Foams are common in the kitchen. Egg whites and meringues, a head of beer, whipped cream, cappuccino etc. What’s modernist about foams is pushing the limits a bit. For example, can it be lighter and airier, and can liquids that don’t foam of their own accord be foamed?
One way to achieve this is to add a surfactant. Think of these molecules as a short rod, one end of which is hydrophilic (water-loving) while the other end is hydrophobic (water-avoiding and gas-preferring).
When the surfactant is dissolved in a liquid and the mixture beaten to introduce air, the surfactants arrange themselves on the surface of the air bubbles such that the gas-loving ends are in the bubbles, and the water-loving ends are pointing outwards into the liquid. Thus the surfactant coats the surface of the bubbles and stabilises them.
An example of a surfactant that is fairly readly available is soy lecithin. You’ll probably find it in health food shops, although it may be granular and perhaps not de-oiled, so an online culinary supplier might be necessary. The point is that it is nothing unusual as an ingredient, just the application.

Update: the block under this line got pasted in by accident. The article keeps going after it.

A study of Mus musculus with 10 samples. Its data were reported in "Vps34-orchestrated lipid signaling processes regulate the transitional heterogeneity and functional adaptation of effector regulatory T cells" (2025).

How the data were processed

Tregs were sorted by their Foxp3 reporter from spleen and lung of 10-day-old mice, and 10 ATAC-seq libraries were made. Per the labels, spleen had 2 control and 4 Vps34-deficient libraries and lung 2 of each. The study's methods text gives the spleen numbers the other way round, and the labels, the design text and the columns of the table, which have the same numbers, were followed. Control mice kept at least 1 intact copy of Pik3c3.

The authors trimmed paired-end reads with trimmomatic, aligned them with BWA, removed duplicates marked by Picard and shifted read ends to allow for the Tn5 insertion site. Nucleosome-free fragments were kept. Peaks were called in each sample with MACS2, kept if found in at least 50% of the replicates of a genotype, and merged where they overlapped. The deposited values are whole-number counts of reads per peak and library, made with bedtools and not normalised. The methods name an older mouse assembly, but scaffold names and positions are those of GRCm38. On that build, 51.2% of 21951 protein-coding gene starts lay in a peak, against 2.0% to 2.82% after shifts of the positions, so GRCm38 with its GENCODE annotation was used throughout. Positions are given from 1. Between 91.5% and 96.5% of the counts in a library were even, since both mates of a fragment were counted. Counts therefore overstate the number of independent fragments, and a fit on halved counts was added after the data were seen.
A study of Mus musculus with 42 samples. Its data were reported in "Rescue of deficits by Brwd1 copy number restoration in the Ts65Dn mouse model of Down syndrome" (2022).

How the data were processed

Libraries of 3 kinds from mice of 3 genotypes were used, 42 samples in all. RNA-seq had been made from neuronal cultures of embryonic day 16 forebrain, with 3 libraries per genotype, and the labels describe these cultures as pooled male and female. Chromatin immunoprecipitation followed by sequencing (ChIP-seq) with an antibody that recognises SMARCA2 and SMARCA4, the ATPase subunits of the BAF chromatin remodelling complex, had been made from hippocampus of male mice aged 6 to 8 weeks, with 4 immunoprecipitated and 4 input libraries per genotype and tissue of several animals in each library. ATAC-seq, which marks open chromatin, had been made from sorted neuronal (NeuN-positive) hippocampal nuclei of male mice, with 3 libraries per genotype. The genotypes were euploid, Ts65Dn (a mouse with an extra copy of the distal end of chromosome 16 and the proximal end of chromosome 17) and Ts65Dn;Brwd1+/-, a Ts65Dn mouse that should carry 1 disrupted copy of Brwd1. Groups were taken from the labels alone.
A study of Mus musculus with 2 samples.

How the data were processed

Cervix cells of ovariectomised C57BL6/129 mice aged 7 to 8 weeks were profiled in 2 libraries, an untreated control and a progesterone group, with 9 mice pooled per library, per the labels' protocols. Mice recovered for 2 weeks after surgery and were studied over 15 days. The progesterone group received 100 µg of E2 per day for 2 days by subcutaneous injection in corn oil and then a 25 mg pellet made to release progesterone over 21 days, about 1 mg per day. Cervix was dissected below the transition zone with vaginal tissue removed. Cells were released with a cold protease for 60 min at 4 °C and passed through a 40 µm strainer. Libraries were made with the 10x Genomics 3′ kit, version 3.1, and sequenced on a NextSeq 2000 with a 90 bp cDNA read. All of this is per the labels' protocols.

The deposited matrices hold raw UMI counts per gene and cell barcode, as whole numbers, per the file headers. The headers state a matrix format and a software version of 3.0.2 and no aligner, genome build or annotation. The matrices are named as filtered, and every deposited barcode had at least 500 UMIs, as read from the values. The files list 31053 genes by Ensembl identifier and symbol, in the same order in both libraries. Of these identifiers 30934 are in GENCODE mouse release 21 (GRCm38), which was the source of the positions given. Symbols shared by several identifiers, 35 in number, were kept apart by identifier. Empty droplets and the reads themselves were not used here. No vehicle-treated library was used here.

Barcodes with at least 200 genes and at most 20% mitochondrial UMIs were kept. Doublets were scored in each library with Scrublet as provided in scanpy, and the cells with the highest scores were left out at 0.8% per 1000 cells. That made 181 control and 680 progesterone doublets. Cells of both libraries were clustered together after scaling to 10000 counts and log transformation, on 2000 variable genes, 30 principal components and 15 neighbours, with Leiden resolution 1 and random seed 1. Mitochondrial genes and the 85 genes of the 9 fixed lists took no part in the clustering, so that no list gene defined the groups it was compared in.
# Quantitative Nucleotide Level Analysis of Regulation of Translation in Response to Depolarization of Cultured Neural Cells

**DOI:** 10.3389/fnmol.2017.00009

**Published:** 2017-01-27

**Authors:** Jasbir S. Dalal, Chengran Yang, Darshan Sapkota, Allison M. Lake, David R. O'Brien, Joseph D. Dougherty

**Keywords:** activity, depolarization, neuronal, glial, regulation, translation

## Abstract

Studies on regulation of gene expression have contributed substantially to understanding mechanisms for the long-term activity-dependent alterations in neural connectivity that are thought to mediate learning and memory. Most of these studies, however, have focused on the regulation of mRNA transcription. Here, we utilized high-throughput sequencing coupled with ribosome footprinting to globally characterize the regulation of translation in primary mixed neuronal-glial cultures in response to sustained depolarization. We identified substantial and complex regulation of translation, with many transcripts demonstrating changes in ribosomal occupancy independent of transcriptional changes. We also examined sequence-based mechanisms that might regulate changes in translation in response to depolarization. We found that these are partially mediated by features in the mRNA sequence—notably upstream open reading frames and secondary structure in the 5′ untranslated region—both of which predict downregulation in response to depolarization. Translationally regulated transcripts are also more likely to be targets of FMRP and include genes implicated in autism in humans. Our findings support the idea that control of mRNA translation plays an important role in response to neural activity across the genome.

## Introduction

Not much is needed. I recently did some trials, and 0.3 to 0.4% by weight of lecithin is all that is needed to foam tap water. The amount will differ according to the liquid though. I’ve attempted some videos that show the process for making a Citrus Air, a light foam of lemon and lime juice. I think I might qualify for a Razzie.
125ml lemon juice, 125ml lime juice, 250ml water (all at room temperature), 2g lecithin (0.4% by weight). The water dilution is necessary to reduce the intensity of the acidity, and because acidity retards foaming. Aerate with a stick blender:
Leave about 1 minute for excess liquid to drain out of the foam:
A different textured (lighter) foam, can be made using an aquarium bubbler (that oxygenate fish tanks). Here it is just bubbling in some water:
Now in the citrus mixture.
The ‘air’ is coarser and more ephemeral than the hand-blender foam:
They both have an intense lemon/lime taste, and make an interesting way to add these flavours.
The foam was used to garnish chicken in the dish below (taken from summer-menu-2014), while a little of the air could be draped over an oyster in its shell.